Saturday, August 13, 2005

Killing Arkan: Chickens Come Home to Roost 2000

Killing Arkan: Chickens Come Home to Roost

By Michael Karadjis

January 2000

On January 15, ‘Arkan’, the alias of mass killer Zeljko Raznatovic, was gunned to death in down town Belgrade, yet another of the 500 or so unsolved murders of high ranking individuals which have taken place in Serbia over the last few years. This was followed within a couple of weeks by the similar killing of Pavle Bulatovic, Yugoslavia’s defence minister. As defence minister during last year’s Kosova genocide, he eagerly egged on the work of Serbian militias.

Whatever the aims of his assassins, the end of such butchers can also only be good news. Arkan was a big-time criminal who had worked for the Yugoslav Internal Ministry to murder opponents abroad. A ready convert to Serbian nationalism, he understood the new ideology would allow untold opportunities for slaughter and plunder, through which to amass capital and build a business empire through the right links with state and mafia.

In the wars in Bosnia and Kosova, criminals organised in his “Tiger” militia excelled in some of the most renowned slaughter of Moslems and Albanians. Through all this plunder, he became a large banker, an owner of a soccer club and nightclubs - and that was only the legal stuff.

The killing of such a well-connected and well-protected individual raises interesting questions. Did the regime which nurtured him for so many years decide to get rid of him, and if so, why?

One of the common theories is that he needed to be bumped off because he knew too much. Revealing its political nature, the War Crimes Tribunal had not indicted Arkan for his Bosnia crimes - he was far closer to Milosevic than was Bosnian Serb rightist Radovan Karadzic. However, as Milosevic himself fell out of favour with the west in late1998, the Tribunal discovered that Arkan was a criminal. With considerable business connections outside Serbia, he was liable to capture, in which case he would reveal the fact that Milosevic had been his boss all along.

Perhaps just as likely, the murders of both Arkan and Bulatovic may be linked to turf wars within the Serbian mafia. In the world of mafia-connected crony capitalism, allies may turn enemies overnight - only those right at the top are safe. The rest need to engage in murderous competition to keep their spots.

Indeed, this theory is related to the interesting link which both murders have to the issue of Montenegro. In the case of Bulatovic this is obvious - he was a leading member of Montenegro’s Socialist National Party, which is in opposition to the ruling Party of Democratic Socialists of .... Djukanovic. The fact that Milosevic had engineered the Montenegrin opposition into the Yugoslav federal government, rather than the Montenegrin ruling party as required by Yugoslavia’s constitution, is a major reason for the ongoing conflict between Serbia and Montenegro.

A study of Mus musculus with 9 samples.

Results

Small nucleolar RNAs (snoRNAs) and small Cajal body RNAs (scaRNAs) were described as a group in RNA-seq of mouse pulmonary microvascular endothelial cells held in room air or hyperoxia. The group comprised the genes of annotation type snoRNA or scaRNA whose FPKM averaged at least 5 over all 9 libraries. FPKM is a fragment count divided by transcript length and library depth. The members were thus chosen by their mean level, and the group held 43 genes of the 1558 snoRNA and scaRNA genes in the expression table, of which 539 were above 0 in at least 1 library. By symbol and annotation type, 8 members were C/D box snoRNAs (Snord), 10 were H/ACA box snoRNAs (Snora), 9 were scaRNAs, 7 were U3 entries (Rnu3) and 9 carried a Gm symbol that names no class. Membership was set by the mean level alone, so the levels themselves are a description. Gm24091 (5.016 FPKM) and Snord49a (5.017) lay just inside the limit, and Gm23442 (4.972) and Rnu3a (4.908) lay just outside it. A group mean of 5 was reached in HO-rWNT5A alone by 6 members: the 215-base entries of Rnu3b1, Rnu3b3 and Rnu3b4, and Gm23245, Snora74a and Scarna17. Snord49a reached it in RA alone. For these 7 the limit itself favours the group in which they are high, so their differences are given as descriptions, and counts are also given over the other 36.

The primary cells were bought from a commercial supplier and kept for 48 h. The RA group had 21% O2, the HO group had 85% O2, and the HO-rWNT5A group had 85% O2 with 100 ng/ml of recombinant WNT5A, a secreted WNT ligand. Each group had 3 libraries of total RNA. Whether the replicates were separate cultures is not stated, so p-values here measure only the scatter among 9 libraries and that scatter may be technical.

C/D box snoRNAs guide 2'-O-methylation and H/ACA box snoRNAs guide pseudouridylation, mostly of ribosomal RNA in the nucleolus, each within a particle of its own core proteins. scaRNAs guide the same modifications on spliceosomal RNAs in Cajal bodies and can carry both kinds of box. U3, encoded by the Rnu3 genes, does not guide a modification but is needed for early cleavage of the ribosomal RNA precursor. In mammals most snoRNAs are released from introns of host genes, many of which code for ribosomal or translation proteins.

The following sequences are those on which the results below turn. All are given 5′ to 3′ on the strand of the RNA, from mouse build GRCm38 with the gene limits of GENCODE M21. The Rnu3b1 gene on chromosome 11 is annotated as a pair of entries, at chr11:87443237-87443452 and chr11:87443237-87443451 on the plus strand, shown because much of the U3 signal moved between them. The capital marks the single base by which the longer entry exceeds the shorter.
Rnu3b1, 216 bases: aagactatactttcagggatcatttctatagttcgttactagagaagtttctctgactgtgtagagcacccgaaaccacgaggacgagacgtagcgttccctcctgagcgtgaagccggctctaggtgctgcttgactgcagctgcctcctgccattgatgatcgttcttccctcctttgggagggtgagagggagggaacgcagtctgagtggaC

Djukanovic’s party was also long the very party of the Milosevic movement which overthrew Montenegro’s Communist government in 1989. However, in recent years, his regime has come to see the futility of a number of Belgrade’s actions, particularly the way it dealt with Kosova. It also believes that if the west needs symbolic handovers of war criminals, they should be handed over in the interests of doing business. Djukanovic reckons he’s less likely than Milosevic to get busted through some hireling pointing the finger.

As such, his regime represents the kind of “more pragmatic” nationalist who can see when times have changed, and is currently favoured by western powers as a leader around whom the fractured Serbian nationalist opposition should unite to get rid of Milosevic.

Hence, his regime is being dressed up as “moderate” by western leaders. However, the murder of Arkan has created some problems for this simplistic world view - despite being a hireling of Milosevic, and representing the ugliest face of Serbian chauvinism, Arkan had come out in favour of the “moderate” Djukanovic in the inter-Montenegro conflict.